Dee Gordon began taking grounders at second base during pregame warmups last week in Albuquerque, leading to speculation that he could be brought up as the replacement for Mark Ellis if he's headed for the 15-day disabled list.
That would require a couple of roster moves, since Clayton Kershaw also is coming off the bereavement list to pitch tonight. Ted Lilly, who got a cortisone injection a few days ago for a sore lower back, also might be headed for the DL, which could give the Dodgers room to reach to the minor leagues for some help for their struggling offense.
But would they be better off going with thunder rather than lightening? In one regard, Scott Van Slyke clearly isn't the Dodgers' hottest prospect. He turns 27 in July and he no longer is on the 40-man roster, making it an expensive hassle to get him into the Dodgers' clubhouse. Guys on the 40-man earn more money than guys who aren't, plus the Dodgers would have to put Chad Billingsley on the 60-day DL to accommodate that move.
In another regard, he is easily the Dodgers' hottest prospect. Through his first 99 at-bats, Van Slyke is bating .404 and, amazingly, has a 1.226 OPS. A bat that hot seems like one you can find a place for, but it's easier said than done. Van Slyke plays the positions -- first base and outfield -- that are the areas of least need for the Dodgers.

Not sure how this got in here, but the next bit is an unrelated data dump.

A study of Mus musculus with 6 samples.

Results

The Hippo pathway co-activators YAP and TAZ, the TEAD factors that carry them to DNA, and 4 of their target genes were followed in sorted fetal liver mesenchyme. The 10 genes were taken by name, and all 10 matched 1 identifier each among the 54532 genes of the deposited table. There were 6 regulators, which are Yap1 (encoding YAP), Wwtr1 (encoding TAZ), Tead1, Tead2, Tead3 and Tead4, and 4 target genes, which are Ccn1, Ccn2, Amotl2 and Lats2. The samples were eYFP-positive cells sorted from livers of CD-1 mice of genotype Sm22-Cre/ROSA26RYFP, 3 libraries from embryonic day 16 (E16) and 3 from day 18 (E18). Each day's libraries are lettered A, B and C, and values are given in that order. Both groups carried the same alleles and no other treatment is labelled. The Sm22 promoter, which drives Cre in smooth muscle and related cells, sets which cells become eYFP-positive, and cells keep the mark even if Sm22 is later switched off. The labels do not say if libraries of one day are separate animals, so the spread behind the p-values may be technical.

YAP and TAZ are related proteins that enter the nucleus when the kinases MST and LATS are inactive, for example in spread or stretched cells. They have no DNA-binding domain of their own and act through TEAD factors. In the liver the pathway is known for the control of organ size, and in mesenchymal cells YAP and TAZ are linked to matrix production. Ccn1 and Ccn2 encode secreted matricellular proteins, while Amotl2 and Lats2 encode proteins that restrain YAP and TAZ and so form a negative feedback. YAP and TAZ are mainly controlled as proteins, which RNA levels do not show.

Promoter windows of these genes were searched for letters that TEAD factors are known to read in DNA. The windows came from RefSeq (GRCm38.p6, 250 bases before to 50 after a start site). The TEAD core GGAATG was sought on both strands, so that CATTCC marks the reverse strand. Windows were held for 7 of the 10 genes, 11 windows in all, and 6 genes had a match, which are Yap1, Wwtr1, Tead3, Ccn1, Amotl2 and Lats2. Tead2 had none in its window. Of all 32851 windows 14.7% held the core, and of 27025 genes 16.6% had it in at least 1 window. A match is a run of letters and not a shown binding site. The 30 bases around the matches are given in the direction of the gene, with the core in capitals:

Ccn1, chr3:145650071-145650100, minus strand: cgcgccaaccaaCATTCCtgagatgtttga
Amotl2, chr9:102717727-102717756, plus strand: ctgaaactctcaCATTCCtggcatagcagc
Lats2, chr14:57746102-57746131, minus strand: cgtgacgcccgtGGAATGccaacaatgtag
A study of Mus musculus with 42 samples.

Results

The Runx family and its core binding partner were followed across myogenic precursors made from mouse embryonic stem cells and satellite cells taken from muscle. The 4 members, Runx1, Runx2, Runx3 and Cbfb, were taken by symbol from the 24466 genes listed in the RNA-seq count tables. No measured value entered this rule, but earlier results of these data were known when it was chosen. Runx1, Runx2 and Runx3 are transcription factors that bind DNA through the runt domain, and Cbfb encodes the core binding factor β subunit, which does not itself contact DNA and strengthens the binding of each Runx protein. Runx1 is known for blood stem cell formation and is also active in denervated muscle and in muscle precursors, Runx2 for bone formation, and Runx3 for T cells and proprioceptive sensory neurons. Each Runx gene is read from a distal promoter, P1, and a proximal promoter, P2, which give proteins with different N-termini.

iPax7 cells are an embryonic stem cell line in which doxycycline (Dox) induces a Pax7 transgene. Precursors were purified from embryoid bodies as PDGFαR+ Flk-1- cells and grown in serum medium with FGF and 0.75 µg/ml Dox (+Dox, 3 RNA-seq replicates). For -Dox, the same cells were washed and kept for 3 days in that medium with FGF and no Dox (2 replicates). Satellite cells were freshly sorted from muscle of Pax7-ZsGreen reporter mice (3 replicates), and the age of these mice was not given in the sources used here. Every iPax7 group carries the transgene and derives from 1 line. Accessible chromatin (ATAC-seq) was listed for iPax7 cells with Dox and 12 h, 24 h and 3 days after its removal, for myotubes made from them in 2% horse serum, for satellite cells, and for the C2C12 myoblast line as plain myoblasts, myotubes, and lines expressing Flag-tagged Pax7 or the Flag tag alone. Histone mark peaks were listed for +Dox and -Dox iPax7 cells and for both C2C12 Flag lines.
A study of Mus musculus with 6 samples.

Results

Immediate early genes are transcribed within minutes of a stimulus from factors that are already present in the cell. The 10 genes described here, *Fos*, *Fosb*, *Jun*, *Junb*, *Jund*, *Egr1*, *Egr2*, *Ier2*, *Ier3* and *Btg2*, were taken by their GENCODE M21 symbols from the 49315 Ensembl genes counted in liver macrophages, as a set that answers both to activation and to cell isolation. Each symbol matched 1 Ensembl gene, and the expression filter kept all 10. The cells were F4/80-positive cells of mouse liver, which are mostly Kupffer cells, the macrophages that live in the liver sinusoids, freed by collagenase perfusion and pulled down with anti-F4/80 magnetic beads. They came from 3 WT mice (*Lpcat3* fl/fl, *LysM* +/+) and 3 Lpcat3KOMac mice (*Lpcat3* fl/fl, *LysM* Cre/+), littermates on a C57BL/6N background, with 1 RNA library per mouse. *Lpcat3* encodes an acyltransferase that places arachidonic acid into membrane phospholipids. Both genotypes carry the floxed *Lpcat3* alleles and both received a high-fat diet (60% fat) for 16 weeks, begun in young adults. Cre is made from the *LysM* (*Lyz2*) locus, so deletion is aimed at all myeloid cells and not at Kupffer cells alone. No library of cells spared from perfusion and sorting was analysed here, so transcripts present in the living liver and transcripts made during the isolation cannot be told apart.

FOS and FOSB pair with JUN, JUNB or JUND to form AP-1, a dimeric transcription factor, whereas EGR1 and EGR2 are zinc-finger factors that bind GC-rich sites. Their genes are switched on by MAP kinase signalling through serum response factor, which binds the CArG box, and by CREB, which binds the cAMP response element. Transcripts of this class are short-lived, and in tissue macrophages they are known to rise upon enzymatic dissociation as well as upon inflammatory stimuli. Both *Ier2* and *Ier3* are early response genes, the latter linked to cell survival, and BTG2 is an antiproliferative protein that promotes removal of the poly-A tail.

Still, it might be worth a shot. Wednesday night Don Mattingly went to Justin Sellers (.203 lifetime) as a pinch hitter -- in a winnable game -- after Josh Beckett made a premature exit. The Dodgers have, basically, no power on the bench. With the exception of Nick Punto, the Dodgers' bench players have been cold as ice and, given Ellis' situation, Punto might not even be categorized as a bench player any longer. He has played in every game since April 24.
Van Slyke (6-foot-5, 250 pounds) is the kind of guy Earl Weaver would have loved. He can sit there for seven innings, grab a bat and break open a game late for you with a home run. Granted, he hasn't exactly done that in the major leagues, batting .167 in 54 at-bats.
But when a player is putting up Triple-A numbers that Babe Ruth would have aspired to, don't you have to at least explore that option?